According to Tyra Banks, smizing no longer has an age limit.
In a video posted on Banks' Instagram on Saturday, the model announced that with her coming back as host and head judge of America's Next Top Model, there'd be some changes. The first: There's no longer an age limit.
"You know I've stood for diverse beauty, and erasing cookie cutters it terms of what is deemed beautiful," Banks said in the video. "There have been 23 cycles of America's Next Top Model, and every single cycle we say you have to be 27 years old or younger. You know what I hear all the time? 'Tyra, come on. Why have an age limit?' So you know what? I'm taking that age limit off."
"You want to audition for America's Next Top Model?" Banks continued. "I don't care how old you are, honey. You just need to know how to smize and be open to learning how to work the runway like a supermodel."
The removal of the age limit feels like a huge step towards inclusivity on the show. ANTM has always had a diverse lineup of models, including transgender model Isis King and models with disabilities like Nyle DiMarco, who is deaf, and Amanda Swafford, who is legally blind. There's even been Chantelle Brown-Young, a model with vitiligo.
Now with this age limit gone, there's hope that older models will get some respect on the show too.
But if we're talking about ANTM's progressiveness here, there is a bit of an elephant in the room. Despite becoming a platform for models of color, transgender models and disabled models, plus-size models have notoriously been either treated badly or shunned on the show.
In cycle three, there was Toccara Jones, who was repeatedly treated poorly at photoshoots. In cycle four, one model, Keenyah Hill, was notoriously fat-shamed by Banks and the other judges. And there's only been one plus-size ANTM winner: Whitney Thompson from cycle 10. Considering the fact that most American women are plus-size and plus-size models have made huge strides lately, their treatment on the show remains surprising.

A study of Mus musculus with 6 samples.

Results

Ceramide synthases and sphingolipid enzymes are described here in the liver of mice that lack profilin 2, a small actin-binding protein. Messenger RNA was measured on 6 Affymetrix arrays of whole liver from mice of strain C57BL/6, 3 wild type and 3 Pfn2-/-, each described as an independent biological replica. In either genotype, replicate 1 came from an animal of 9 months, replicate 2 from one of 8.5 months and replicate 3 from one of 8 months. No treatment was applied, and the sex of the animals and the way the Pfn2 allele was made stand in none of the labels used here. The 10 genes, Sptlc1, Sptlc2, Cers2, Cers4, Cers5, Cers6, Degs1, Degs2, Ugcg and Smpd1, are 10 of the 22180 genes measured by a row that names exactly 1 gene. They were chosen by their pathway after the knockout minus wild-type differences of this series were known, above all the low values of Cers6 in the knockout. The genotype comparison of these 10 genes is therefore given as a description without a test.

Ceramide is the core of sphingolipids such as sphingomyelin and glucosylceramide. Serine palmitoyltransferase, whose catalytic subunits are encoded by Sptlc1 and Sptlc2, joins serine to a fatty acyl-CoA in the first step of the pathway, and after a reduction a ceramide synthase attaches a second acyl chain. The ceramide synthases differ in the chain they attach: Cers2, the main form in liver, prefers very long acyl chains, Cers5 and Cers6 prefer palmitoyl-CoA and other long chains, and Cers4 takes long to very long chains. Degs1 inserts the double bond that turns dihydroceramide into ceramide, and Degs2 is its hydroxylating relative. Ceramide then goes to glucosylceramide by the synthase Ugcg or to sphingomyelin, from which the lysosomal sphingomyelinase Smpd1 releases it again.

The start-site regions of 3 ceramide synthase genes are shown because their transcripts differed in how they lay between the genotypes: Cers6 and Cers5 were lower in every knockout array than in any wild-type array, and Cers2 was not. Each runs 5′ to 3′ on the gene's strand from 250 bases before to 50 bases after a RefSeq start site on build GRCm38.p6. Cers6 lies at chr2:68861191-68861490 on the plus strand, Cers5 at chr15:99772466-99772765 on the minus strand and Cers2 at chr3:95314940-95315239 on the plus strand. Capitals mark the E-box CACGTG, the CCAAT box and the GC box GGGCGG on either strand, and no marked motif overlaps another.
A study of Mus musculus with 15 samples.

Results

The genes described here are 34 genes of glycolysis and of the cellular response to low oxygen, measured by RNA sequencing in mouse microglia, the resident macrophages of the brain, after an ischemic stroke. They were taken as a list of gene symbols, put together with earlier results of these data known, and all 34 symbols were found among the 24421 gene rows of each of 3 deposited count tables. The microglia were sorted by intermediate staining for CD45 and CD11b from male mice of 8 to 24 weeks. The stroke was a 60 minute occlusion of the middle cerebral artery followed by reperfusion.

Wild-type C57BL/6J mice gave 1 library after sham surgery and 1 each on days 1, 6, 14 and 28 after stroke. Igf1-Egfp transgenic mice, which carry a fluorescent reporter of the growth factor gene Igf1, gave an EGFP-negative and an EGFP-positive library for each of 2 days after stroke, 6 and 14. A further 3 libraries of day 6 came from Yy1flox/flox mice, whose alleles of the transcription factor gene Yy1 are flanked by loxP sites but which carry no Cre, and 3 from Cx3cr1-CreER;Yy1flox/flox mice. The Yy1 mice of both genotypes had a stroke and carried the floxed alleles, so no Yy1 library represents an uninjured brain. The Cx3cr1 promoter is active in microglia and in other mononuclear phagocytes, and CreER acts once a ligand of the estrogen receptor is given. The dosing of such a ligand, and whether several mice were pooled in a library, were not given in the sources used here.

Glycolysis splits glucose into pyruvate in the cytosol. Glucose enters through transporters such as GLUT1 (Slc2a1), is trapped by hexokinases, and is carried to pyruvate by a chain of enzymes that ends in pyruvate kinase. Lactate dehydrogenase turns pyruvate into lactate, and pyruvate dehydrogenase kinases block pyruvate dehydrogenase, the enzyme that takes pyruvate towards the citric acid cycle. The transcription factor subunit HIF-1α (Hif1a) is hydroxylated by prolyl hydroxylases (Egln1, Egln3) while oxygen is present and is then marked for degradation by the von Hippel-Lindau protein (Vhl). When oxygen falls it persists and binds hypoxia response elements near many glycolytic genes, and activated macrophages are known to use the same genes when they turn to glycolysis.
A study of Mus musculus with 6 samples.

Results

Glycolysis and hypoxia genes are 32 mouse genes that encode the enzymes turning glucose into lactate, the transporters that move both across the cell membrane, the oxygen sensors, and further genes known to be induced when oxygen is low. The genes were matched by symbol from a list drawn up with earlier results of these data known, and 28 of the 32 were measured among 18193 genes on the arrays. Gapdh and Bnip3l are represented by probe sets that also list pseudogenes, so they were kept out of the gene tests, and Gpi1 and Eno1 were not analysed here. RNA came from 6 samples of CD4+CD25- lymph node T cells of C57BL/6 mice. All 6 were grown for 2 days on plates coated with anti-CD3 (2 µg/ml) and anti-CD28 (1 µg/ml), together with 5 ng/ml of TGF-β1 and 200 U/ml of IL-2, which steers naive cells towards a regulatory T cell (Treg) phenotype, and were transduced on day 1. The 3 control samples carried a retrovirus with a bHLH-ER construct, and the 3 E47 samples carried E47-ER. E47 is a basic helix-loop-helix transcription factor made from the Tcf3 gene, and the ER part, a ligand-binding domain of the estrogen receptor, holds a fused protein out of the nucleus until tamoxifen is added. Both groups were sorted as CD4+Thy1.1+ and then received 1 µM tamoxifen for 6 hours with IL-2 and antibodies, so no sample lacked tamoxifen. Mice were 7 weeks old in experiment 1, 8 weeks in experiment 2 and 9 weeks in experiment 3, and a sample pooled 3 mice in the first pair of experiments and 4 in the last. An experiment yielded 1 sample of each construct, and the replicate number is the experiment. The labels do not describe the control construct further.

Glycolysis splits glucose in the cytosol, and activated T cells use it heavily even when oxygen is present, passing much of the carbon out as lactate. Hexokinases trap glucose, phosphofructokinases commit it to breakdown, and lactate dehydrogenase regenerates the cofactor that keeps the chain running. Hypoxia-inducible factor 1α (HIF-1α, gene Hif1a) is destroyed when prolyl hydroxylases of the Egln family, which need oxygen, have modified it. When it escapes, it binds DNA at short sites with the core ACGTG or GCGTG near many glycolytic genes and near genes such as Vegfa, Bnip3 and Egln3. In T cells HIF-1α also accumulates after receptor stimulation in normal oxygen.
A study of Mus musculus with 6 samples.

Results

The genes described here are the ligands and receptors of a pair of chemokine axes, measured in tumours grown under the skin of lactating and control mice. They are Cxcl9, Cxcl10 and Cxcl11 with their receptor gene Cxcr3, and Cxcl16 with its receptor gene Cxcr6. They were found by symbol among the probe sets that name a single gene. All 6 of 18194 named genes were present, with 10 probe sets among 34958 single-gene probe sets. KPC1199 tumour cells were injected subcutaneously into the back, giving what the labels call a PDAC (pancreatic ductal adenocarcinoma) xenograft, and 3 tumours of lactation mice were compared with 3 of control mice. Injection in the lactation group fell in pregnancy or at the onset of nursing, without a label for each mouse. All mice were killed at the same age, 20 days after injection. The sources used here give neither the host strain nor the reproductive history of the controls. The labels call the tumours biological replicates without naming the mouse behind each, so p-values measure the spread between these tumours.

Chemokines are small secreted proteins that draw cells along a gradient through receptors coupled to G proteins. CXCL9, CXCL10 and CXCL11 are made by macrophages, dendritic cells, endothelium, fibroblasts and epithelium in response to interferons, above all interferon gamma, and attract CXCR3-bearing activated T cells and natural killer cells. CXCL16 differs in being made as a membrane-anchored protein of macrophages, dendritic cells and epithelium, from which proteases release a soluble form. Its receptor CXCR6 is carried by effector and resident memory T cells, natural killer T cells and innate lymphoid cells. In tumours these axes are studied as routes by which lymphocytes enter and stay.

This past season, despite Ashley Graham joining the show as a judge for the VH1 reboot, there were no plus-size contestants. It had been easy to imagine that, with Graham's role and the widespread discussion of body diversity happening on the internet and in magazines, ANTM might step it up. Alas, they stuck to the safe and familiar.
We are certainly not the first to point out ANTM's lack of plus-size contestants. Orange Is the New Black actress Danielle Brooks called out the show explicitly in December, writing on Instagram: "As a plus woman being seen only 1% of the time is a real thing," she wrote. "After watching #ANTM last night I was super excited to see my girl Ashley Graham but bummed out not to see any plus contestants."
"A curvy judge but no curvy contestants?" Brooks continued. "Out of all 28 girls not one was plus. You had an Asian, African, a redhead, transgender, an androgynous sister, even twins... (much love for that) but not one plus size woman — when 67% of women are plus in the US??"
Indeed, with its massive fanbase, ANTM could very well could play a huge role in ensuring people seeing plus-size women in fashion and understand the struggles they go through. But rather than include them, ANTM has a history of turning the other way.
While removing the age limit certainly means that more people will hopefully see people like themselves this upcoming season, we're still waiting for curvy models to get their due.